Why AI will usher in the next healthcare revolution


Dr John McMahon (front, right) with the Navigator Group team. Source: Navigator Group

For years our hospitals and clinics have been using robots to treat and care for patients. Now, artificial intelligence (AI) is driving the technological revolution in healthcare even further. Although the use of machine learning (ML) and AI in health has a long history, these tools have become more accessible and practical to use in everyday healthcare.

AI is no longer the stuff of Hollywood movies, it can deliver faster, better patient care. immediately Making healthcare a sophisticated industry.

Given that Australia’s healthcare model has remained unchanged for decades, AI is a technology that is being embraced as an effective tool to improve patient care and reduce the strain on the public healthcare system.

Innovative health-tech companies such as Navigator Group, a leading recovery service for people injured at work or in motor vehicle accidents, are already using AI to better target patient care and improve diagnosis and recovery times.

We see tremendous potential in emerging technologies such as devices that track a patient’s eye gaze in response to stimulation to explore conditions such as PTSD and depression. and AI tools that assess facial expressions and vocal qualities in casual conversations to help identify psychological and neurological disorders.

The Navigator Group is actively engaged in research and development in this area using AI and ML to help create a better future for healthcare in Australia and around the world.

AI also presents a more cost-effective way to treat patients, allowing more time and money to be spent on patient care and less on administrative tasks such as screening processes and data entry.

There is a staggering backlog of persons with physical or mental injuries from work-related or motor vehicle-related accidents who cannot receive adequate care quickly, due to an already strained system. Emerging platforms and technologies powered by AI can accelerate referrals by identifying physician schedule availability, speeding up administrative processes, and giving patients faster access to immediate care, meaning less pain and suffering across the system.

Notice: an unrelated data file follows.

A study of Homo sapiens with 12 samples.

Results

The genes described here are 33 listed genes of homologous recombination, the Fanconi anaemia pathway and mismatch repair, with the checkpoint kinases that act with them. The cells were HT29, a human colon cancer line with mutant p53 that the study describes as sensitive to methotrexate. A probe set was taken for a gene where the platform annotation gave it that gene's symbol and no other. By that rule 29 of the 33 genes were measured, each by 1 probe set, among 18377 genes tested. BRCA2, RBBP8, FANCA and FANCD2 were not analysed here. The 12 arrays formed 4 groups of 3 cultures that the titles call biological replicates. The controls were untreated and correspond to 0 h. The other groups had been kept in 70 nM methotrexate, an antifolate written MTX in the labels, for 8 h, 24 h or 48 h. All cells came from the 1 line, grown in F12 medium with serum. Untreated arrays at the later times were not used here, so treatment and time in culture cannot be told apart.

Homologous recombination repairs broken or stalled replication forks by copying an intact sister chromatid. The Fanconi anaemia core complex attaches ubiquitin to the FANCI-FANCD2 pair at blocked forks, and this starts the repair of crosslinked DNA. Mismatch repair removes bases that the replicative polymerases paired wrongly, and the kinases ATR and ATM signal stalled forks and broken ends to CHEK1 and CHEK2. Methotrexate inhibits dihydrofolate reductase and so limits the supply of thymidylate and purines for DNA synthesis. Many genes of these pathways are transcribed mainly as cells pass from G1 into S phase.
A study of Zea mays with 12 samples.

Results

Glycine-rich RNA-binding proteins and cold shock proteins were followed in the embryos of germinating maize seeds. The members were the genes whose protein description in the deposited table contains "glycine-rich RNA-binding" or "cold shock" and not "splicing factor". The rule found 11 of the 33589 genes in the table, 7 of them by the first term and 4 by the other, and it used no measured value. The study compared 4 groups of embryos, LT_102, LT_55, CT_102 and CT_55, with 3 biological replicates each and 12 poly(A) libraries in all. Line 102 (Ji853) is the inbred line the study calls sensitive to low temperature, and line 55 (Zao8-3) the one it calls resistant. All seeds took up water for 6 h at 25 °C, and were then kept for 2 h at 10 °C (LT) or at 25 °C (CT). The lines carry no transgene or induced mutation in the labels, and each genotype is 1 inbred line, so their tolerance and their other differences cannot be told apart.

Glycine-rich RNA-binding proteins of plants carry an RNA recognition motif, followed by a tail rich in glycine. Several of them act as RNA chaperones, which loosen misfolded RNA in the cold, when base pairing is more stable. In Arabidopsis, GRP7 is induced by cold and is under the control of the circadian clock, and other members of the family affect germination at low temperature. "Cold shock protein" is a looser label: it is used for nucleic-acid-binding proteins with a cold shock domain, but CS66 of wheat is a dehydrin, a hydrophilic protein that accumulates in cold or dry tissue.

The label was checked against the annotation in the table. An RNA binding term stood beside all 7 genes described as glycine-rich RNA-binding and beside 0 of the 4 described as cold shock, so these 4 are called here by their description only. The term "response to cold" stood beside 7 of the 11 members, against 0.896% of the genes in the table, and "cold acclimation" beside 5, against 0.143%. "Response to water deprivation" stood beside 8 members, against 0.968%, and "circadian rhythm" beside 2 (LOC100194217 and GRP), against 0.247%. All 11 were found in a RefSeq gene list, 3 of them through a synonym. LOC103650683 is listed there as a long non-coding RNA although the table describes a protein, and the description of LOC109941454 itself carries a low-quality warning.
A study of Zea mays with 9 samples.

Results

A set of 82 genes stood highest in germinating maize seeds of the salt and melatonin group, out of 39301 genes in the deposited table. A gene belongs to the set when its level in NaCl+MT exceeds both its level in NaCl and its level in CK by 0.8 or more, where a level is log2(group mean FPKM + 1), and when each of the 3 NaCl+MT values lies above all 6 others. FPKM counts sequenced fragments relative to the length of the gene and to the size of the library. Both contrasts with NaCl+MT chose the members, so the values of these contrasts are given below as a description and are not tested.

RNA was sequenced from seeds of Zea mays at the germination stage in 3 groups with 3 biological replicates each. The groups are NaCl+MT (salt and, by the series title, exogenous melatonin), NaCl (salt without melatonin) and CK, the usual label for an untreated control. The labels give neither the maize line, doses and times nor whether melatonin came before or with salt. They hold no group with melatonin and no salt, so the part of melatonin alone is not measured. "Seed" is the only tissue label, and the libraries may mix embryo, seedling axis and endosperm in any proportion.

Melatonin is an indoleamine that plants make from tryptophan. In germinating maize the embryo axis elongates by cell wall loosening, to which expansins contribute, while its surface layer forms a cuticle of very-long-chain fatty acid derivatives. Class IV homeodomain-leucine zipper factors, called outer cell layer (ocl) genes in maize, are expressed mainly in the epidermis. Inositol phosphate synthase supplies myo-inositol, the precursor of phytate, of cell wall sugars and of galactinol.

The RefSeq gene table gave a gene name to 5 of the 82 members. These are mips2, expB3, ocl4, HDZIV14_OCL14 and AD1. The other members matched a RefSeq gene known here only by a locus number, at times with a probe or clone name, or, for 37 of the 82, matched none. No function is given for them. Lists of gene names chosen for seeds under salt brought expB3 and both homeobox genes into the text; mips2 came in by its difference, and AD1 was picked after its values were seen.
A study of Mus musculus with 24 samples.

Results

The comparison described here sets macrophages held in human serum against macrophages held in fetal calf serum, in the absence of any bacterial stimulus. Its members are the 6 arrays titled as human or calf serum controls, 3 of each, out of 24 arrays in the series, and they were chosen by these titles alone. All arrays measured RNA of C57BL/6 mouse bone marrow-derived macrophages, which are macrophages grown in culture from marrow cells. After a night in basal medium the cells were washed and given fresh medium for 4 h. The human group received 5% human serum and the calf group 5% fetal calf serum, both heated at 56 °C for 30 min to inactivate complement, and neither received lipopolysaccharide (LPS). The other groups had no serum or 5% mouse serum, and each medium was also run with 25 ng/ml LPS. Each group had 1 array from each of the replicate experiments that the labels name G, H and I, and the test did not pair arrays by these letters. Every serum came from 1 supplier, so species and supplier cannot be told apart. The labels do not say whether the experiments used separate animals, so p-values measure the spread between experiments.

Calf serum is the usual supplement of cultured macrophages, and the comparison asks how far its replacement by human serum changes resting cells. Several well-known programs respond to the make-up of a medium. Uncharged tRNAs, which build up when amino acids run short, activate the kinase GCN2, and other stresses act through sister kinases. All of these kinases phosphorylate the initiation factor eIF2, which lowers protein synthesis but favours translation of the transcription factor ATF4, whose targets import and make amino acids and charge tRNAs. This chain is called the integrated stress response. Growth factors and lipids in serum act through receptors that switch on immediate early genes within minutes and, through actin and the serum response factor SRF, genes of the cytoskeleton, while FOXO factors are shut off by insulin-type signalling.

ML algorithms can also match patients with healthcare professionals who have exceptional results in specific areas of care. For example, the Navigator Group uses a questionnaire to assess a patient’s mental state during whiplash recovery. AI is used to evaluate their answers and identify the complexity of their trauma, so they can be allocated to the right experienced doctor. Without the aid of this unique algorithm, it would have taken longer to identify significant trauma in our patients and could have affected their access to prompt treatment.

AI should be seen as a complementary tool in the healthcare sector rather than an absolute solution. Like many other tools that have become a mainstay in society – such as facial recognition, digital assistants, social media apps and e-commerce – healthcare still requires human oversight and care to manage complex human interactions.

To suggest that AI can completely replace trusted health professionals is taking it too far. Continuous training and education will be required for health professionals to ensure that AI tools can be used both effectively and ethically. However, if used responsibly, AI has immense power to improve the lives of millions of Australians. It can also be used to accelerate intellectual labor such as synthesizing past research, generating ideas for future research, and training healthcare professionals.

Going forward, it is the responsibility of the entire healthcare industry to ensure the ethical integration of AI into our systems and practices. Healthcare professionals should approach AI/ML tools with cautious optimism and embrace the potential of new technologies to transform our healthcare systems for the better.

Dr John McMahon is a clinical psychologist and Science Director of the Navigator Group.